First and foremost, we would like to congratulate all children who sat the ISEB Common pre-test this year. It can be such a stressful process for all involved – especially parents! Everyone can now take a momentary sigh of relief.
In this article, we want to run you through the next steps, whether or not you receive an offer from your top senior school selections.
What happens next?
The ISEB Common pre-test is under new management this year, with Century Tech taking over duties from GL assessment. However, when it comes to providing results back to students, it remains the same: students are not provided with any scores. Parents will simply hear directly from the senior schools.
Each school varies in their admissions process, but generally follow some combination of English, Maths & Reasoning tests, as well as interviews, individual and, increasingly, group. We cannot provide details for every school in this newsletter, so please get in touch if you are after anything specific. Below are the processes of three top boarding schools:
- Eton: Successful students will have to take the Eton List test and an interview at Eton. The Eton List test will test problem solving, cognitive and reasoning skills through English, maths and reasoning questions, as well as puzzles and memory questions. Be aware in the English section, students may have to type a paragraph. An interview is also held on the same day.
- Harrow: Stage 2 of the Harrow admissions process doesn’t start until September of Year 7, so lots of waiting for this one. CEM have been commissioned to provide a computerised Harrow Test in English and maths; there is no NVR and VR tested. The test is 60 minutes long (30 minutes for each subject). Then students have a 30-minute classroom-based group activity; and have two 15-minute interviews, one with a House Master and another with a Senior Master. Please note they have removed the requirement to take written tests.
- Marlborough: All students are asked back to attend an assessment day early next term. On the day there are two short writing tasks – previously these have included writing about a picture and writing about yourself – an interview with a Housemaster or Housemistress, an interview with a boarding house tutor and some informal group activities. Students also have to fill out a questionnaire about their interests which they will be quizzed on.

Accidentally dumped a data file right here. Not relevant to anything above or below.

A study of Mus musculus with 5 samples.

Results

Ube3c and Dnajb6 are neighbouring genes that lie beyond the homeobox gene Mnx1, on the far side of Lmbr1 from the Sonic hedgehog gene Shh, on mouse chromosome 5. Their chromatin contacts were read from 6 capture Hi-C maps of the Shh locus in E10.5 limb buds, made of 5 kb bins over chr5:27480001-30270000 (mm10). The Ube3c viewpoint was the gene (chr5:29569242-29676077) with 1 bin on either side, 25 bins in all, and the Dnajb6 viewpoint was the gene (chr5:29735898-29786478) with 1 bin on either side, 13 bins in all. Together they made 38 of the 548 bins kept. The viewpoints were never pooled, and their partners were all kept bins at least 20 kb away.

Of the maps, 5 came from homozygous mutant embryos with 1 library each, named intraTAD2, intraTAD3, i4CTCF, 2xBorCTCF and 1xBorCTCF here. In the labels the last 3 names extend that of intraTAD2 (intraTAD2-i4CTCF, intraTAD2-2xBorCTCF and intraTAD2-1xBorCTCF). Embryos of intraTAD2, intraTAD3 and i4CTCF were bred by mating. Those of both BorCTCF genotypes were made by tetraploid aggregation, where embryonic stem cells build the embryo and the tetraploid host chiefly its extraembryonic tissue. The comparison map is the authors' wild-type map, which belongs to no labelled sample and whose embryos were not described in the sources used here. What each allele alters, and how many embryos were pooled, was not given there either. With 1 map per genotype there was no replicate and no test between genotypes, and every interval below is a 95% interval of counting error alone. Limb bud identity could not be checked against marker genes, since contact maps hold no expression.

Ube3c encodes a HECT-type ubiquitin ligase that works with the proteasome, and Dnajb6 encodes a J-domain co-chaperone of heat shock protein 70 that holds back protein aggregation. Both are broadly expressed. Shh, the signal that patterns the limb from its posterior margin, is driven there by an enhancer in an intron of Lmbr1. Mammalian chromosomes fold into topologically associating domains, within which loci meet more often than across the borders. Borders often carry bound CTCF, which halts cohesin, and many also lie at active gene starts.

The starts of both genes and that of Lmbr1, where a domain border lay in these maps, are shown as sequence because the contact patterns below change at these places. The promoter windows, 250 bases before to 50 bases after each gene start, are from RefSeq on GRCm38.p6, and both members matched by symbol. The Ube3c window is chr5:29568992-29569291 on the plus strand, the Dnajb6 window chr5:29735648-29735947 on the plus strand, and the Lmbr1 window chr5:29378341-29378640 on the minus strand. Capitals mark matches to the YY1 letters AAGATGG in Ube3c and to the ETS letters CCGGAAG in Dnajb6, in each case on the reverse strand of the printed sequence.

What if we don’t get any offers?
The first rule is: don’t panic. Over the years, we have experienced families getting rejected from their senior schools multiple times before being offered a place, as well as families whose children are now happy in schools that weren’t on their original list. It is, however, a dispiriting time, so here are our tips on how to approach this challenge.
- Speak to your headmaster. Many have strong relationships with senior school leadership and there may be a way to get you on a waiting list.
- If on the waiting list, be patient. The most able students would have signed up for multiple schools. Obviously, they can only join one, so the other places become available.
- Consider alternatives. There are many inspiring schools around the country, so make sure to explore your options. With the most popular schools so overcrowded, many other schools have seriously upped their standards over recent years. Do give us a call and we can help.
- Form a relationship with the admissions team. If they are able to spot your name, and know that your child would make a positive contribution to the school, they are more likely to offer you a place. Letters of recommendation from current families can also support your case.
At Clarendon, we would be delighted to help you prepare for the next steps so do get in touch if we can help.